01:04 GMT14 June 2021

    A case brought by the Philippines against China over its illegal actions in the South China Sea will soon be handled by The Hague-based arbitration panel, an unprecedented move by an international court in relation to an issue of this kind.

    The lawsuit was filed in 2013, a year after China actually took control of the Scarborough Shoal atoll, located 140 miles from the Philippines and, within its 200-mile exclusive economic zone, according to Manila.

    At the time, Philippino Navy ships detained eight Chinese fishing vessels which Manila claimed were involved in poaching in the area, something that prompted the Philippines to lodge the lawsuit.

    The document specifically points to Beijing publishing a South China Sea map with the so-called U-shaped line which covers almost 90 percent of the sea area. The lawsuit questions whether this interpretation is in line with the UN Convention on the Law of the Sea.

    However, there are a number of other countries which have also claimed the area, namely Taiwan, Vietnam, Malaysia and Brunei.

    If The Hague court decides that China violates international law, the criticism from the international community will inevitably intensify. However, Beijing is unlikely to adhere to any decision that will infringe upon its interests, something that Manila will surely use to score points against Beijing for ignoring decisions by international institutions even on minor issues.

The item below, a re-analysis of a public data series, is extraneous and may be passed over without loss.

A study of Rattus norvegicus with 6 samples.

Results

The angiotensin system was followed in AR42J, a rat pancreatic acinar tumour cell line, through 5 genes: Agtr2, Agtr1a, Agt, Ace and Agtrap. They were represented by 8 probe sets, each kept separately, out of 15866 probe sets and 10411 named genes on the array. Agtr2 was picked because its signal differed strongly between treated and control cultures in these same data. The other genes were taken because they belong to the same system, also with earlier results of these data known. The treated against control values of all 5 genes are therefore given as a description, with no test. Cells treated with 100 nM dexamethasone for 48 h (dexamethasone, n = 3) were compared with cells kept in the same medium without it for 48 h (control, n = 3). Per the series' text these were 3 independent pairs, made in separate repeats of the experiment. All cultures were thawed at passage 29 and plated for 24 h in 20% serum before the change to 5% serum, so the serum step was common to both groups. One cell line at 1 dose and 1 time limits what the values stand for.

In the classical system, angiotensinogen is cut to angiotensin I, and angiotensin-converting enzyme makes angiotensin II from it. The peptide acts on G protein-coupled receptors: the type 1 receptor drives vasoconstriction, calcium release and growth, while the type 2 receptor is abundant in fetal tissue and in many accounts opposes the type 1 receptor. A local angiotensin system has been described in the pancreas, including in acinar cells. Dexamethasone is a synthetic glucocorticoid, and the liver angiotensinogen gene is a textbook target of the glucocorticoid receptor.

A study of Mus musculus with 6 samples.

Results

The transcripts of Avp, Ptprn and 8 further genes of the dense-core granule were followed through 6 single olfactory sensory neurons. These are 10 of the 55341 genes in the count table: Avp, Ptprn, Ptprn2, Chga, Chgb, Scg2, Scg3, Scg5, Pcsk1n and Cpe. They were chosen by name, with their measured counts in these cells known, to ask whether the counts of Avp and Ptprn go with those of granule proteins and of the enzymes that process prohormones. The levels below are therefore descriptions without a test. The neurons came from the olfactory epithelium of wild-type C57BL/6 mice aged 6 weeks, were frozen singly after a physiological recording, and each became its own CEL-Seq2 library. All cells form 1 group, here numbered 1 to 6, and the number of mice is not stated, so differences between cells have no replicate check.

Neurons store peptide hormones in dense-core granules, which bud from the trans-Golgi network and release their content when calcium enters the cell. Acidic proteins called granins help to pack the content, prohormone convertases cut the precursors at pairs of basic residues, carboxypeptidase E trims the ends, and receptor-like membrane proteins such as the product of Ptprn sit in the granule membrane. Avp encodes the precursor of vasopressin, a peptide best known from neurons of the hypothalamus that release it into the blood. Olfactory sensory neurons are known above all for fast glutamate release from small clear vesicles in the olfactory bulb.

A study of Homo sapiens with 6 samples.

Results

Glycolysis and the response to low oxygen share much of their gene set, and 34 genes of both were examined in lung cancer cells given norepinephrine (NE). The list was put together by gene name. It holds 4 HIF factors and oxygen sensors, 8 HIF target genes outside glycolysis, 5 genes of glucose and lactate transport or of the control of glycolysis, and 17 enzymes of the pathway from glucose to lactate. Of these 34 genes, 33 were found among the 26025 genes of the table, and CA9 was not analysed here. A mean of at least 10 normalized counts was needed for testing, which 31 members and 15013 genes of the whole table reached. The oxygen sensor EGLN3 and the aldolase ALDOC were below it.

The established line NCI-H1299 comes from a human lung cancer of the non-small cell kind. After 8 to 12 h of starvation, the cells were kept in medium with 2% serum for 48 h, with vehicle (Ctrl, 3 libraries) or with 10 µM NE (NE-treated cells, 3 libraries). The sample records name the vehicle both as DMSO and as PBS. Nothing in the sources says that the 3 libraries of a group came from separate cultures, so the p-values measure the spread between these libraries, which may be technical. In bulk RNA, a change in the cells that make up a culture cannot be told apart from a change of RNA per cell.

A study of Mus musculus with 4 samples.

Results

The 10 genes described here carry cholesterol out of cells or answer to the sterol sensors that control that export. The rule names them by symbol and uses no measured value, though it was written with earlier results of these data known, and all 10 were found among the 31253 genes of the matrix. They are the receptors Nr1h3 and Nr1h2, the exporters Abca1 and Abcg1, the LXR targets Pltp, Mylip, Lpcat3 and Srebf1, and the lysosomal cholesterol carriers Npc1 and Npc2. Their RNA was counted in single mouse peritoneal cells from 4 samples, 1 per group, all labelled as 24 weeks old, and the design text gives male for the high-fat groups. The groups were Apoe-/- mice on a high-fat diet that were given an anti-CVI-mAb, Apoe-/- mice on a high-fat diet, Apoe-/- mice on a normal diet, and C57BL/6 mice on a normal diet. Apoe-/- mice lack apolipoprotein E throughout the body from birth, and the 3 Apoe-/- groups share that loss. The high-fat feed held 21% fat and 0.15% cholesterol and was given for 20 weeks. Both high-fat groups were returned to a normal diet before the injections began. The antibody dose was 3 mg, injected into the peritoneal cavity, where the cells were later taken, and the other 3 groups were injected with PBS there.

Meanwhile, there are hundreds of simmering territorial disputes across the world with some of them grabbing the global headlines, including the spat between China and Japan over the chain of uninhabited Diaoyu/Senkaku islands, and others which are rarely mentioned in global media.

    In this regard, it is worth mentioning the squabble between Canada and Denmark over Hans Island, an uninhabited speck of rock in the Arctic Ocean. The island is 0.5 square miles, or 1.3 square kilometers.

    In the early 1970s, the two countries agreed on the demarcation of maritime borders in the Arctic, but remain at odds over the status of the tiny island.

    Both sides have sent inspection ships to the island, where they hoisted their national flag, dismantling that of the other side, among other shows of protest.

    The conflict was raised to a new level in 1984, when the Danes left a bottle of schnapps at the foot of the flagpole with a note that read "Welcome to Danish land!" Shortly after, they received a symmetrical response in the form of Canadian whiskey. Since then, the two NATO countries have been fiercely struggling for the empty island, not forgetting to leave each other "gifts" at every opportunity.